Detailed article about the corruption investigations that Hesham Genena, head of the Central Auditing Office, has been trying to pursue -- and the judicial and media backlash against him.
In one case, Genena told AP, investigations revealed that some $3 billion dollars was misappropriated in land deals by officials from the police, intelligence agencies, the judiciary and prosecutors.
In another, he reopened a 3-year-old case over allegations that members of an advisory board for the state national communications regulator - which included the justice minister at the time - had received some $14 million in financial compensation.
What is unprecedented in Genena's move is his willingness to investigate so-called "sovereign agencies," the term referring to the most important and unquestionable arms of the state, such as the police, intelligence, judiciary and the presidency. He has been empowered by the constitution passed this year, which encourages the fight against corruption and supervision of state bodies.
There may be limits, however.
Notably, Genena has not made allegations against the most powerful state body of all, the military. The military took the unheard-of step of allowing the CAO under Genena to review the accounts of its extensive business holdings. Speaking to the AP, Genena said that his review had found no violations in the military's books.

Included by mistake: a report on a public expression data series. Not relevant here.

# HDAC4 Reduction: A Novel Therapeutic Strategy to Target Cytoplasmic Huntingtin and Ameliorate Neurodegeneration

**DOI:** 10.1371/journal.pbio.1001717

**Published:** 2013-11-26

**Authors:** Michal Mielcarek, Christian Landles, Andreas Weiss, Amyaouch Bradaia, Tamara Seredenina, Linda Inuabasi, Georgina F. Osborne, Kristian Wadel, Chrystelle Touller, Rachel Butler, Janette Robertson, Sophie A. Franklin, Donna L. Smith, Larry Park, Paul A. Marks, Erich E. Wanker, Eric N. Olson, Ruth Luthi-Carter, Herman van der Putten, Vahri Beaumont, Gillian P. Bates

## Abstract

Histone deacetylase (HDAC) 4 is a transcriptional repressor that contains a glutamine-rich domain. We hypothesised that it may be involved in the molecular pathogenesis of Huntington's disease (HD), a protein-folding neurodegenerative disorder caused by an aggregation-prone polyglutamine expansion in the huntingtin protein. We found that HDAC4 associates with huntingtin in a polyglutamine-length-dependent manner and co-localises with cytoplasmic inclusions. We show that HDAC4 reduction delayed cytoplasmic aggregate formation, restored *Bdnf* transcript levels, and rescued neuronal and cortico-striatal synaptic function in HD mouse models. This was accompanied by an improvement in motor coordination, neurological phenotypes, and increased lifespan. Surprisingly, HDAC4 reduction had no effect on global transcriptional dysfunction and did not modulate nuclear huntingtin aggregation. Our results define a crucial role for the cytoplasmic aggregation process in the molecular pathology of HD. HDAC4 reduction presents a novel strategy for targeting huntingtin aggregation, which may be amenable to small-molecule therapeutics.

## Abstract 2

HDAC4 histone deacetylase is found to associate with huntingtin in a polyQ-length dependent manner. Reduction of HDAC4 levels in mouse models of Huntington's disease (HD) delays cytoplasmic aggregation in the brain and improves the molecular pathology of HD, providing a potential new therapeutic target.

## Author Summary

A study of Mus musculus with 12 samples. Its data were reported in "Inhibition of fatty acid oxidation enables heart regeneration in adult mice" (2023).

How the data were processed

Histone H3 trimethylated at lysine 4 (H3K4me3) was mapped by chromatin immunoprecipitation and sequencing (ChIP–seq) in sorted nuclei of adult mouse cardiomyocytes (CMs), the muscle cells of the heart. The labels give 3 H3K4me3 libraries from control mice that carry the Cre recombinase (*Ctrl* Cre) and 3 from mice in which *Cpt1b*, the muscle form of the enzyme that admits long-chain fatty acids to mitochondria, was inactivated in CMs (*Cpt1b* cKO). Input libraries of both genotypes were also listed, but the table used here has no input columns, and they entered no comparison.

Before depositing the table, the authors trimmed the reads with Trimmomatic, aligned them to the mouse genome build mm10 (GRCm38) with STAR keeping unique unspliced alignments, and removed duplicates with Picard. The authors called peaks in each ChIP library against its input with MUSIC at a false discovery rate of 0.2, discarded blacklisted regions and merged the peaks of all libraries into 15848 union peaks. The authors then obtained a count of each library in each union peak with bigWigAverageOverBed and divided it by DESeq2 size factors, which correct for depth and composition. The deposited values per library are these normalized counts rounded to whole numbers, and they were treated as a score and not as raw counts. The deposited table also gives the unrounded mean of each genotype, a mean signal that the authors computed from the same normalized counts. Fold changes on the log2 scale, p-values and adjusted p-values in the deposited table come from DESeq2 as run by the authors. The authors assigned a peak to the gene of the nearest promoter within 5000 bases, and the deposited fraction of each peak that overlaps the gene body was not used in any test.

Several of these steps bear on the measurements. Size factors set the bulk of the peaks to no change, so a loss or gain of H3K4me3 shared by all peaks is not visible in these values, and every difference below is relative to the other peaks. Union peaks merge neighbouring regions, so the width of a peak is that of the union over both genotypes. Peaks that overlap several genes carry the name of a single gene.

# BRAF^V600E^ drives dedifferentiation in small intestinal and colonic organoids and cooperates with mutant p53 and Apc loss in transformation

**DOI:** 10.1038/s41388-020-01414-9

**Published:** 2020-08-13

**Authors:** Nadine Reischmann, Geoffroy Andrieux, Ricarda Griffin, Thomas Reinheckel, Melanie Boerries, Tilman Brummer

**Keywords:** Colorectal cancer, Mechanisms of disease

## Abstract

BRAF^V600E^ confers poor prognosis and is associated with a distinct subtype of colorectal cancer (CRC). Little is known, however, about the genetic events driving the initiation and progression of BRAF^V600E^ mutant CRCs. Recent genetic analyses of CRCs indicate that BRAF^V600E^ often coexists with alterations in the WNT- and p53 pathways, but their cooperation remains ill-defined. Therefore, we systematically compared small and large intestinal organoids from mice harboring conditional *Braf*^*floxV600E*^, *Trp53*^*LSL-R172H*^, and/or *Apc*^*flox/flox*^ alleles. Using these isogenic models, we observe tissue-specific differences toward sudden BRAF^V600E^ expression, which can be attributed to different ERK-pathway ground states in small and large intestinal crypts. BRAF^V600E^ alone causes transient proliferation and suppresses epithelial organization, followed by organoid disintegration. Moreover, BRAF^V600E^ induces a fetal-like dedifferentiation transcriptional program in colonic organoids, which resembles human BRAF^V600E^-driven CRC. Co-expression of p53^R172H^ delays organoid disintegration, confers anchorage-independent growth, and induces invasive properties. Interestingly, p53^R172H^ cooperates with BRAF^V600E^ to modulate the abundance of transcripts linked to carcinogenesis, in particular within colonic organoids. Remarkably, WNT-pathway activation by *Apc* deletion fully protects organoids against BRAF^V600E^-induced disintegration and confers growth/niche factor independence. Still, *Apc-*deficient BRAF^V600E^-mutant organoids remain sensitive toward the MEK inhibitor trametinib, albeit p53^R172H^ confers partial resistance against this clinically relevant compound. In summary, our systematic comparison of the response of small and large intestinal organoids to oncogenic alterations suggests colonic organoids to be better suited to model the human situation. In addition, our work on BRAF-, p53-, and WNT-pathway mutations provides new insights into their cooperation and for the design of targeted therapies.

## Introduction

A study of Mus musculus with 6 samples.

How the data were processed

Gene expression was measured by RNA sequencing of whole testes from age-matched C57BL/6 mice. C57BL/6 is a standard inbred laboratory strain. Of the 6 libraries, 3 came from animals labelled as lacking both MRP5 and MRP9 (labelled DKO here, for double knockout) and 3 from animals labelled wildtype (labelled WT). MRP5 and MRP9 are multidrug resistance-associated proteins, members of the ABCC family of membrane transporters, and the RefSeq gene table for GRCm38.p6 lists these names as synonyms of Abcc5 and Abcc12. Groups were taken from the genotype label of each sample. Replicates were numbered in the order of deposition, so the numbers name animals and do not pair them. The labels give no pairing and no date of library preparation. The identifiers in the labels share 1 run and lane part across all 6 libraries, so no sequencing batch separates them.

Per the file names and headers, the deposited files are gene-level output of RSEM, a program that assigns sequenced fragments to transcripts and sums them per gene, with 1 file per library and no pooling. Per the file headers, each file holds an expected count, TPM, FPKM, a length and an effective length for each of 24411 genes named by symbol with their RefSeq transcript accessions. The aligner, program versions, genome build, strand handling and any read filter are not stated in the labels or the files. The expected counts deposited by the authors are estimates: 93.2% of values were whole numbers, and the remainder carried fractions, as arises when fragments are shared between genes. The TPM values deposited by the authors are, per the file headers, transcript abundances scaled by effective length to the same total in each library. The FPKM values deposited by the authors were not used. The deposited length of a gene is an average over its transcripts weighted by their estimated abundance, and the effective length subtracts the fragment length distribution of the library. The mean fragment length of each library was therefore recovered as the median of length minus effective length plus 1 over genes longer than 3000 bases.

His other moves have brought a heavy backlash. The former justice minister, who left office in a recent Cabinet reshuffle, accused Genena of insulting him, prompting prosecutors in February to refer Genena to trial.
After Genena publicly criticized the Judges Club, an association of judges, for not allowing its employees to be inspected, the head of the club accused him of insulting the judiciary, prompting another trial for Genena, which holds its next session next week.
If convicted in either case, it could fuel a drive by his opponents to impeach him.
In the media, a chorus of government supporters accuse him of sympathizing with the Brotherhood, which was branded by the government as a terrorist organization since the military ousted Islamist President Mohammed Morsi last summer.
Prominent pro-military journalist and former lawmaker Mostafa Bakry said Genena was spreading "lies" tantamount to "blatant incitement against state institutions for the benefit of the Brotherhood."
Ahmed Moussa, a TV presenter known with strong ties to security establishment, said Genena's allegations "sabotaged the economy."